Trailblazer Sosina Wogayehu first took to the big top at the tender age of six in her native Ethiopia, beginning a storied career that would see her mesmerize audiences worldwide as a renowned circus performer. By teenagerhood, international tours showcased her extraordinary talents, leading her to join the renowned Circus Oz troupe in Australia. There, her skills grew playing an integral role on the board of directors.
Eager to expand her knowledge, Sosina pursued degrees in Theatre Production and Circus Arts. Her passion for the circus arts led her to pursue a degree in Theatre Production from Swinburne University and another from the National Institute of Circus Arts in Melbourne, Australia.
This fueled her deep-rooted belief in education’s power to illuminate lives. Upon returning to Ethiopia in 2014, she established the Gamo Circus School, providing underprivileged youth top-quality training to nurture their gifts and fulfill their potential.
Reflecting on her own journey, Sosina understands the profound impact of exposure to the wider world. Shemanaged to secure invitations for her students to dazzle in Australia, US, Europe and the Middle East.
“Education is the key to unlocking the potential of young circus artists,” Sosina said. “Through Gamo Circus School, we strive to provide them with the necessary skills and opportunities to flourish in the global circus industry without any fees.”
However, the path to success is not without its challenges. Operating within various youth centers, Gamo Circus School faces obstacles that hinder its growth. While these centers serve as training venues, they lack the essential facilities required for circus-focused activities.
Sosina emphasizes the urgent need for dedicated spaces equipped with showers and private changing rooms, ensuring a conducive learning environment for these aspiring artists.
“We must create suitable training environments for our students, where they can develop their skills and talents without limitations. Access to adequate facilities is crucial for their growth as circus artists,” Sosina explained.
Limited availability of quality circus gear is a major challenge faced by Ethiopian performers. The government classifies such essential tools as luxury items, restricting imports.
Despite this, Sosina has invested personal funds to procure necessary equipment, recognizing its importance in cultivating up-and-coming talent.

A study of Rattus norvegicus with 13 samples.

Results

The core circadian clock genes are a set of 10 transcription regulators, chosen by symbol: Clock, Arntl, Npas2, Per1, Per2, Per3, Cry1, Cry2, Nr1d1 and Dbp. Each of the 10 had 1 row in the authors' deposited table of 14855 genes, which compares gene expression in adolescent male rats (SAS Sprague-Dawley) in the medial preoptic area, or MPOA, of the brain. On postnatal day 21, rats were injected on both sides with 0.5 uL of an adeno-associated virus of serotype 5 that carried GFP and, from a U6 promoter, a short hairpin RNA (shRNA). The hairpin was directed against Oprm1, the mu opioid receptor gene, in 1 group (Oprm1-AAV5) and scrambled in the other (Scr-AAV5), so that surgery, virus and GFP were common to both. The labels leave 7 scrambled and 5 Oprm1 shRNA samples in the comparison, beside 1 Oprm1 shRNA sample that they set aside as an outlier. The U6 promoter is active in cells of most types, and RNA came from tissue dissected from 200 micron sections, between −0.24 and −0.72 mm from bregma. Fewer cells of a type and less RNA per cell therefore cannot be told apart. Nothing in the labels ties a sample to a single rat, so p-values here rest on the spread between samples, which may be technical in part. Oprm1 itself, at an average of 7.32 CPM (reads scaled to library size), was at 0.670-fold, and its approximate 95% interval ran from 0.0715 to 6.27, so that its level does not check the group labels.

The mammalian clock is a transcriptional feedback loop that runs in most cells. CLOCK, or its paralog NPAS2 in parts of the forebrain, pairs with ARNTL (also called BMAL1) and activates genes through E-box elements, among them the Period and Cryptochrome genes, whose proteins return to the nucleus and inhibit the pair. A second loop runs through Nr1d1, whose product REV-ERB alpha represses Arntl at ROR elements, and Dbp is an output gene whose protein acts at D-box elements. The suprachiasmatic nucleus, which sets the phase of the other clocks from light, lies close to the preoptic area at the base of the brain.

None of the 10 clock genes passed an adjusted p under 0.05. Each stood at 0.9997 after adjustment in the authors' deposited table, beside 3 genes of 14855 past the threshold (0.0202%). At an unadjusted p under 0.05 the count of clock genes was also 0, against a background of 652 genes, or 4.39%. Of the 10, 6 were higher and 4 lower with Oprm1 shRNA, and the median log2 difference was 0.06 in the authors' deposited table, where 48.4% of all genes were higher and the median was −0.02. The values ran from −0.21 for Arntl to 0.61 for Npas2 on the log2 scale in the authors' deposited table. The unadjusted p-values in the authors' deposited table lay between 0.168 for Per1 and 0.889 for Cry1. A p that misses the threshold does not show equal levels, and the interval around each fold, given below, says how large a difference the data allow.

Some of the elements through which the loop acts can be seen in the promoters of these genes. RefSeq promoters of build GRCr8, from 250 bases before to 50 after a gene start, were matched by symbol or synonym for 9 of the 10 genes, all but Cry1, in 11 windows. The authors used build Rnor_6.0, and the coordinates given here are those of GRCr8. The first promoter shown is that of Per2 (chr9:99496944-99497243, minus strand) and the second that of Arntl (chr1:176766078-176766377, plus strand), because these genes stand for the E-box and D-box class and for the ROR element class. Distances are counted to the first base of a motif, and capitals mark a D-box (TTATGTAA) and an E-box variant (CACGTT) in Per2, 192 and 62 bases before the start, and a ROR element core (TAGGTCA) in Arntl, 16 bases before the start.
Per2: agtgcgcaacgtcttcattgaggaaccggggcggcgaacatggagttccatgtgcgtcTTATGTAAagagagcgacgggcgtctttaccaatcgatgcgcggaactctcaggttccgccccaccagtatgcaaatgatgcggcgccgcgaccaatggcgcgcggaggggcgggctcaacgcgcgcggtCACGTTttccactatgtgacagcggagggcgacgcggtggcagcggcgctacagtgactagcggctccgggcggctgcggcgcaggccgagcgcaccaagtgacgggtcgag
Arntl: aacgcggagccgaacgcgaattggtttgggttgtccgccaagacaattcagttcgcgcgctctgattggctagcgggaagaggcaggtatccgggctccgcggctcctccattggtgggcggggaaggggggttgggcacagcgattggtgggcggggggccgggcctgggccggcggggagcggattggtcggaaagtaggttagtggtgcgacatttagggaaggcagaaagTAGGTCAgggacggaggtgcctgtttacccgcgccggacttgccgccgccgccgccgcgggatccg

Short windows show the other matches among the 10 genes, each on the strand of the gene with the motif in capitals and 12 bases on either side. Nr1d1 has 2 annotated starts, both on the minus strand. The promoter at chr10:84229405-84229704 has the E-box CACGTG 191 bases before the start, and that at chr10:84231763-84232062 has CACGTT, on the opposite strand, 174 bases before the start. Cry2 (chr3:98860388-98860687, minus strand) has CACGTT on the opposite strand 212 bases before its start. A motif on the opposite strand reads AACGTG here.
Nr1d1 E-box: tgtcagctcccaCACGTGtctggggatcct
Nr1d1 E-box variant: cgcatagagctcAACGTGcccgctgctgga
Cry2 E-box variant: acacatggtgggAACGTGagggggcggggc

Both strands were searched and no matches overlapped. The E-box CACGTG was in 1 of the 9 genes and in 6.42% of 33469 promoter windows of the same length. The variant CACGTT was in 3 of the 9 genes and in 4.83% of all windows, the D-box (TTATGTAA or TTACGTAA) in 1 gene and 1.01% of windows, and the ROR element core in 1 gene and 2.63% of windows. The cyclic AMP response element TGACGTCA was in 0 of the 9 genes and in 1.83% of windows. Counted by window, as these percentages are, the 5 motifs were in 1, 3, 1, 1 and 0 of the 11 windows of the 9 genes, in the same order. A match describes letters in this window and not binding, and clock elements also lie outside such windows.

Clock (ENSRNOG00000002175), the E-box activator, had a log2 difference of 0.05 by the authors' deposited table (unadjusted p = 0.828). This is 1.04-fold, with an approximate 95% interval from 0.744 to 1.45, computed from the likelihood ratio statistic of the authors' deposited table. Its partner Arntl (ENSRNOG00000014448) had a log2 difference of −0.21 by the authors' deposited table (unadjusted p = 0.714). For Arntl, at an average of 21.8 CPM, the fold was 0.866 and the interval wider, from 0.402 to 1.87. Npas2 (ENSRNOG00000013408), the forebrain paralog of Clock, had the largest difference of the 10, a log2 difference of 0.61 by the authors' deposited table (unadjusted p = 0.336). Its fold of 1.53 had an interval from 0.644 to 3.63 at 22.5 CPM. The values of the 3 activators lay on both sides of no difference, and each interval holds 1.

“Having access to proper equipment is vital for artistic development. We must address barriers hindering progress and provide what artists require to excel,” asserts Sosina.
She is also establishing Ethiopia’s largest dedicated circus center in Addis Ababa through her company Ethio Circus Management, though importing materials from abroad has proven difficult.
Despite obstacles, Ethiopian circus artists have found international success.
Sosina’s renowned Gamo Circus School, which currently teaches 138 students, has produced stars like Abraham Nibret and Yabsega Tadegen, who gained recognition on the TV show “Little Big Shots,” showcasing Ethiopian performers’ abilities.
To overcome challenges and promote growth, Ethiopia’s circus community is working to gain support through the Ethiopian National Circus Association representing over 6,200 artists nationwide. The Association was formed in 2020.
Lack of government and infrastructural support remains a pressing concern, as does difficulty obtaining visas and passports, which can hamper artists’ global participation and development. With aid, Ethiopia’s growing circus field has potential for further advancement
The Association is striving to elevate the status of circus in Ethiopia, according to the group’s president Teklu Ashagre.
“We require supportive policies, infrastructure development, and streamlined visa and passport processes to help our growing industry thrive,” says Teklu.
Teklu notes the Association is dedicated to shining a light on Ethiopia’s talented circus artists and elevating its status as an art form.
To this end, the Association is engaging with the Ministry of Culture to promote circus’ cultural significance beyond its perception as merely a sport. “We are advocating for dedicated circus centers and the removalof bureaucratic barriers stunting the growth of the industry. Circus is a vibrant art,it is more than a sport. It is deserving of support and recognition,” heexplained.
In a welcome show of commitment, the Ethiopian government’s ten-year development plan includes constructing four circus centers
“The government’s commitment to constructing dedicated circus centers marks a significant milestone in fostering the growth and development of the Ethiopian circus industry. We firmly believe that these centers will serve as vibrant hubs for nurturing talent, fostering creativity, and attracting international attention,” Teklu emphasized.
To preserve Ethiopian circus heritage, the Association has also partnered with Addis Ababa University to document this unique expression. Collaboration aims to incorporate circus into national curriculum to ensure future generations can access their cultural roots, according to Teklu.
The circus industry has made remarkable strides, defying odds and providing a platform for exceptionally talented artists to shine.
Ethiopian circus artists, Teklu says, possess incredible talent.
“They have so much to offer to the world. It is our collective responsibility to provide them with the support and recognition they need to thrive. Together, we can create a vibrant and sustainable circus industry in Ethiopia,” Teklu concluded.